Four Researchers at the University of Texas at Austin Receive Hogg Foundation Grants to Study Mental Health
June 16, 2011
AUSTIN, Texas – Four assistant professors at The University of Texas at Austin each received a grant of $17,500 from the Hogg Foundation for Mental Health to study different aspects of mental health.
Proposals submitted by Dr. Germine Awad and Dr. Janay Sander in the Dept. of Educational Psychology, Dr. Su Yeong Kim in the Dept. of Human Development and Family Sciences, and Dr. Dnika Travis in the School of Social Work were selected from a pool of 48 applicants from 17 universities across Texas. The foundation awarded one-year grants totaling $226,770 to 13 tenure-track assistant professors exploring different aspects of mental health in Texas.
Awad will examine how the mental health of Arab Americans is affected by their religious self-identification and perceived discrimination by others. Despite a sharp increase in discrimination toward people of Arab and Middle Eastern descent after 9/11, little is known about the role that religion, ethnic identity and acculturation play in Christian and Muslim Arab Americans’ perceptions of discrimination.
“Among the most understudied groups in terms of mental health are Arab American populations,” said Awad. “This study will aid in understanding how cultural dynamics influence depression, anxiety and psychological well-being for Arab-Americans in Texas and in other major cities in the U.S. I hope to provide information that will help improve mental health among Arab Americans.”
Sander will analyze the impact of academic success and failure on the mental health of high school students. She plans to work with a school in a largely Hispanic, high-poverty community and will include both special education students and students with prior behavioral issues.
“My research is about juvenile delinquency, academic success and mental health, “said Sander.” “This project is very exciting for me because it allows me to test a theory related to mental health, delinquency and disruptive behaviors. What I can learn from this study has great potential to eventually improve outcomes for adolescents in school or community settings.”
Kim will study how children serving as interpreters in immigrant families affects the mental health of both parents and children. Although studies have shown that 90 percent of children in immigrant households translate between English and the family’s heritage language, little is known about how this role affects a child’s long-term mental health. Kim will draw from a sample of 350 Mexican American families for the study.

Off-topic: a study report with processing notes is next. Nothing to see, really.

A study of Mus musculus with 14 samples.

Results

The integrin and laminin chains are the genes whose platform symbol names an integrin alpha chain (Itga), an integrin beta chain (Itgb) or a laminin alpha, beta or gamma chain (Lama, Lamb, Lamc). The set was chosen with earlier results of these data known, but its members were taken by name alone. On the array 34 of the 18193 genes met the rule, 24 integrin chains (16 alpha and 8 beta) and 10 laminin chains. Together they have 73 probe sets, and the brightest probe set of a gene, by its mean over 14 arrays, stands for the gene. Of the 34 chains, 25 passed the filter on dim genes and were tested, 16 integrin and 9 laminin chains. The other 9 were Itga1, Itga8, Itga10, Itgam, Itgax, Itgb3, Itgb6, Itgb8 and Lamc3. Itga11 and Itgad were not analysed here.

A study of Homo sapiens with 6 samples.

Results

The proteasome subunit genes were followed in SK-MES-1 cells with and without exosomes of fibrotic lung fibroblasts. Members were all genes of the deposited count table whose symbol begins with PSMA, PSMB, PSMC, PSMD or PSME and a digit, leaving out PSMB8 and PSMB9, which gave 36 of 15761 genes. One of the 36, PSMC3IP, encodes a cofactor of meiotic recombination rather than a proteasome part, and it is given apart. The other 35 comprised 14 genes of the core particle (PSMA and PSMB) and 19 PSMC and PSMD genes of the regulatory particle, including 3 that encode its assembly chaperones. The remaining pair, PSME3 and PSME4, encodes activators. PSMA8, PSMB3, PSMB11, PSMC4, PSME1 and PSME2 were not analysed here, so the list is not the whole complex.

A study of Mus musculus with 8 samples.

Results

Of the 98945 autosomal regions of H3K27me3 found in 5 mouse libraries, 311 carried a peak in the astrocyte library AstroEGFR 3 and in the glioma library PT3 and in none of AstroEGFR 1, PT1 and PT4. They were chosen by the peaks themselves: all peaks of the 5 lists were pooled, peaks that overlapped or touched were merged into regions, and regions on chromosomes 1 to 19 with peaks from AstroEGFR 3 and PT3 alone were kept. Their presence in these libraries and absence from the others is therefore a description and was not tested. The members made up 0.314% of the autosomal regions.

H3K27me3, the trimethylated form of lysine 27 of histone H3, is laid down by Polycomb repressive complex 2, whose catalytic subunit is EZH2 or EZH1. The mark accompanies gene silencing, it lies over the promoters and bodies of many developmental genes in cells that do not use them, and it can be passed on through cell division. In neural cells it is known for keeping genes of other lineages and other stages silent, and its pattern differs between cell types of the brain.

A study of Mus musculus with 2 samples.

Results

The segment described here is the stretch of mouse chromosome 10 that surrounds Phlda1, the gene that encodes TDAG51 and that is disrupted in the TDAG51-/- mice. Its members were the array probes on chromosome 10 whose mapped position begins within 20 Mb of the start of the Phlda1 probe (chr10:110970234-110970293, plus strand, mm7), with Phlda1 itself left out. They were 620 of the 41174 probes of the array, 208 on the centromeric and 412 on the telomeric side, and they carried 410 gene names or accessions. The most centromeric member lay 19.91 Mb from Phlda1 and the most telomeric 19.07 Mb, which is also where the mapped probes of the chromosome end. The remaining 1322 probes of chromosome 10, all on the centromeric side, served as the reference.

“It is important to focus on Mexican adolescents because they often are at a higher risk for mental health conditions,” said Kim. “This project would be one of the first to provide data on language brokering and would inform future work aimed at reducing mental health concerns in Mexican American families.”
Travis will investigate the mental health of child care providers and barriers they encounter in seeking mental health treatment. Despite existing research reporting high levels of depression among child care providers, little research has been done on the likelihood of child care providers to seek mental health treatment or other support. Travis plans to collect data through surveys and focus groups.
“There are almost 25,000 childcare providers in Texas serving over one million children a year,” said Travis. “By examining these factors, we aim to inform public discourse and research on mental health needs and strategies that foster a thriving child care workforce and ultimately help to ensure quality of care for children.”
“The Hogg Foundation is excited about funding these four early career researchers. Their proposed research is compelling and will help to fill gaps in our knowledge about cultural issues, adolescent mental health, social determinants and mental health providers,” said Dr. Octavio N. Martinez, Jr., executive director.
The Hogg Foundation was created in 1940 by the children of former Texas Governor James S. Hogg, and is part of the Division of Diversity and Community Engagement at The University of Texas at Austin. The foundation advances recovery and wellness in Texas by funding mental health services, policy analysis, research, and public education.